NiceHash suffers security breach, around $70 million in Bitcoin stolen

Cryptocurrency website Nice Hash said on Wednesday it has been hacked with an unconfirmed number of Bitcoins it held stolen

NiceHash paused operations for 24 hours to determine how many bitcoins were stolen and how.

NiceHash allowed users to mine for other cryptocurrencies and paid them in bitcoin.

The Slovenian-based bitcoin miner NiceHash says it is investigating a security breach and the possible theft of tens of millions of dollars' worth of bitcoins, as meanwhile the value of the virtual currency has soared to a new record high.

The announcement came a day after the marketplace first asked NiceHash users to be patient while the service undergoes maintenance, and then, a few hours later, said again that the maintenance would take longer than expected. We are now investigating the nature of the incident and, as a result, we are stopping all operations for the next 24 hours.

Speaking to Reuters, Andrej P. Škraba, head of marketing, NiceHash, said, "The hack was a highly professional attack with sophisticated social engineering and about 4,700 bitcoin, worth about $63.92 million at current prices, were lost". However, as this incident demonstrates, cloud mining services subject users to additional risks versus operating one's own hardware.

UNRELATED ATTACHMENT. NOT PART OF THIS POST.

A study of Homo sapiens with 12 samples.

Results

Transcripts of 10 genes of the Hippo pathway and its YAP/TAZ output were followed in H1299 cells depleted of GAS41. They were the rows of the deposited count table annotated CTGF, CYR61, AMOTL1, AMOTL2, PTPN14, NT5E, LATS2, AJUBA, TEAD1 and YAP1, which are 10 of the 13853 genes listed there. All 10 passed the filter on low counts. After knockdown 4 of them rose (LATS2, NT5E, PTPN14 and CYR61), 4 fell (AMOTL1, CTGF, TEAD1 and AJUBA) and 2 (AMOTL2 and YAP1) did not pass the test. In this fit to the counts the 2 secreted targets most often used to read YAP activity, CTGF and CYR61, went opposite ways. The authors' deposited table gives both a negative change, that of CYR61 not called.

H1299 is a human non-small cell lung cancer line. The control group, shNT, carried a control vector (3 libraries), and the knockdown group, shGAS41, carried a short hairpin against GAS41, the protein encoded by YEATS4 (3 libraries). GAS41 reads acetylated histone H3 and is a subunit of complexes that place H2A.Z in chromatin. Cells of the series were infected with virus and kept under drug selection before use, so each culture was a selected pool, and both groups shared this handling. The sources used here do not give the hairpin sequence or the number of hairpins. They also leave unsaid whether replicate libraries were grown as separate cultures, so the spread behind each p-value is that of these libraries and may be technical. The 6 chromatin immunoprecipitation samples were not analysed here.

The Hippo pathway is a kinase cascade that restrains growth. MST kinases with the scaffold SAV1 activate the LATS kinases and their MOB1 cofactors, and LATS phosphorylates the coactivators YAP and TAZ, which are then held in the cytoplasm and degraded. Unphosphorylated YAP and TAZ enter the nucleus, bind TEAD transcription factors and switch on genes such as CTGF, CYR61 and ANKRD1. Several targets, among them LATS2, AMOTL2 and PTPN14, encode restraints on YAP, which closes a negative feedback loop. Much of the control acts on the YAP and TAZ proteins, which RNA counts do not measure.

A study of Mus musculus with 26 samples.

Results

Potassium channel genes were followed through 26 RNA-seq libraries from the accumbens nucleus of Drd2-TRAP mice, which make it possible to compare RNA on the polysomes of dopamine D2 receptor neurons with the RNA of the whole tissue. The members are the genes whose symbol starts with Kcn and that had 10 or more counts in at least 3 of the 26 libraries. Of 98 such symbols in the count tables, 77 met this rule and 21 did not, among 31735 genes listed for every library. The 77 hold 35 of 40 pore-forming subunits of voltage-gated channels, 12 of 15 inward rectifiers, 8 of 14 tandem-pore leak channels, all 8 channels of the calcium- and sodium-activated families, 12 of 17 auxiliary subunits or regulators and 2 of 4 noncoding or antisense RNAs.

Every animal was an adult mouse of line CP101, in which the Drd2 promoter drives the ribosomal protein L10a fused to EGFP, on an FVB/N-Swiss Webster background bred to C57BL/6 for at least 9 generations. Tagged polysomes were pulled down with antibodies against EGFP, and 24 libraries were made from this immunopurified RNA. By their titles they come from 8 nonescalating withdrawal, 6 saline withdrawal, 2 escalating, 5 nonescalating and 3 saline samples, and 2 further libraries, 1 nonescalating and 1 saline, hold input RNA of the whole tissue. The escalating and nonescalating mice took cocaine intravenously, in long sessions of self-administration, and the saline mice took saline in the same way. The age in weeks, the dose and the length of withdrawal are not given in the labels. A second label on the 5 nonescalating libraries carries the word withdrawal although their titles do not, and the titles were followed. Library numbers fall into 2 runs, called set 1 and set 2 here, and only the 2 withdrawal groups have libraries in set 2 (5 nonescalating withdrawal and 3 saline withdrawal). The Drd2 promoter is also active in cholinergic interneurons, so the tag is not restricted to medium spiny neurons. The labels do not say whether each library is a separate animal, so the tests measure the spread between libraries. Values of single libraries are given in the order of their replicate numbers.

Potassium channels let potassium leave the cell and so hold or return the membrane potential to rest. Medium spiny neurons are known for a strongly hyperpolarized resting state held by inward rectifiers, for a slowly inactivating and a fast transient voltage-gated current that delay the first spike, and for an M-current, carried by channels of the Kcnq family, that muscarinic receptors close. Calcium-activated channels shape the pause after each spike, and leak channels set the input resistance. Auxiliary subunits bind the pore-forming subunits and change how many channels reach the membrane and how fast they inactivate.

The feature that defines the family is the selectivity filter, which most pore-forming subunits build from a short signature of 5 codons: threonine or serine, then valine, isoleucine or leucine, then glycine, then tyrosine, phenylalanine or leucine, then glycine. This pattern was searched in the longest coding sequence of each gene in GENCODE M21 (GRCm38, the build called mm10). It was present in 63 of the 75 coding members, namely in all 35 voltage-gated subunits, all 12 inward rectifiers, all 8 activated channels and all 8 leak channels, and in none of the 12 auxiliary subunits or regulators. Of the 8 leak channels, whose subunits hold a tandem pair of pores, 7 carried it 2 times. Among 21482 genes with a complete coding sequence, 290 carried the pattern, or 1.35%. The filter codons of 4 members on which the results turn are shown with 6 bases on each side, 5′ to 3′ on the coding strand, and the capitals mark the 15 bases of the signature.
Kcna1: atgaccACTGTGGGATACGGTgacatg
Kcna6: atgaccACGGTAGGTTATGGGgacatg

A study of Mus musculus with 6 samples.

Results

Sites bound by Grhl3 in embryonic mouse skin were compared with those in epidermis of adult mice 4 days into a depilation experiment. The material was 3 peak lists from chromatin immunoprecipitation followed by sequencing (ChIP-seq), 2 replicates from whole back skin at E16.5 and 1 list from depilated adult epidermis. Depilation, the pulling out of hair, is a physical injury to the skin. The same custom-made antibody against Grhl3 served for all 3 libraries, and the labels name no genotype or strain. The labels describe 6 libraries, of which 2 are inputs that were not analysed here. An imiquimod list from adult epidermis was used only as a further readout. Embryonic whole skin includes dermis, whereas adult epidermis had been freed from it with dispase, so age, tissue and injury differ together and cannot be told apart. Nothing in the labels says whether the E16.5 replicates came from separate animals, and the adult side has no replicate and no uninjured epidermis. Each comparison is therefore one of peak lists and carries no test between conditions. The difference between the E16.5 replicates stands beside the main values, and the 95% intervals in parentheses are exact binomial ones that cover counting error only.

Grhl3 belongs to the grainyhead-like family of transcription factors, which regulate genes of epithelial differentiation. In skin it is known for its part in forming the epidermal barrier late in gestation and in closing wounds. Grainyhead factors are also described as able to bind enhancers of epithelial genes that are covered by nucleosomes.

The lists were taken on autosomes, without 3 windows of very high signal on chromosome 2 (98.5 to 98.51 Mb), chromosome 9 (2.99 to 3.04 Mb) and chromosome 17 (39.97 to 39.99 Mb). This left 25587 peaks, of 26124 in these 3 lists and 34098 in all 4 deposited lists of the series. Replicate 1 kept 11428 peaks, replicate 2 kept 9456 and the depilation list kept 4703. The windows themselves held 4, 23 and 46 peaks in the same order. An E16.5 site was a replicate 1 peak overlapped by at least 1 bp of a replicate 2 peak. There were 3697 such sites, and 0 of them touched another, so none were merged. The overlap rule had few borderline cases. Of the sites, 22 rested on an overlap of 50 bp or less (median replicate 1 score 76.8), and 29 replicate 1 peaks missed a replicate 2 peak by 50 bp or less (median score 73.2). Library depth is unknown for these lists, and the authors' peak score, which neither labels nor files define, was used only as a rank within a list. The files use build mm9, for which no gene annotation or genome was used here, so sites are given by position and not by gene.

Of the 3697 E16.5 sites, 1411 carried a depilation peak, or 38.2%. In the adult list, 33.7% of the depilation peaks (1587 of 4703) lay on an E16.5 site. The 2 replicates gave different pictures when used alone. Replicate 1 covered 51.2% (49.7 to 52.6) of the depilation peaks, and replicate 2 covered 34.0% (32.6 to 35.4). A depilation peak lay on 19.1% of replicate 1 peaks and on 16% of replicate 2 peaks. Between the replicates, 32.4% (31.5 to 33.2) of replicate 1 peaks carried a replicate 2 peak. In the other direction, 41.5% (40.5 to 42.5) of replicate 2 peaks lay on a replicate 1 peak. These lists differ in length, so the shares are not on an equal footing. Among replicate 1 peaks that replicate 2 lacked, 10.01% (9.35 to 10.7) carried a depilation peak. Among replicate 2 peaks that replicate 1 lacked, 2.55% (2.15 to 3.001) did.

Clearly, this is a matter of deep concern and we are working hard to rectify the matter in the coming days.

Users that mined to an external wallet for an additional fee are out unpaid balances less than 0.01 BTC, but sadly users that mined to an internal wallet have potentially losts hundreds or thousands of mined bitcoin. In addition to undertaking our own investigation, the incident has been reported to the relevant authorities and law enforcement and we are co-operating with them as a matter of urgency.

We would not exist without our devoted buyers and miners all around the globe.

"While the full scope of what happened is not yet known, we recommend, as a precaution, that you change your online passwords", they wrote in the statement.

CNBC reached out to NiceHash Chief Executive Marko Kobal for comment but he was not available at the time of publication. We will endeavour to update you at regular intervals.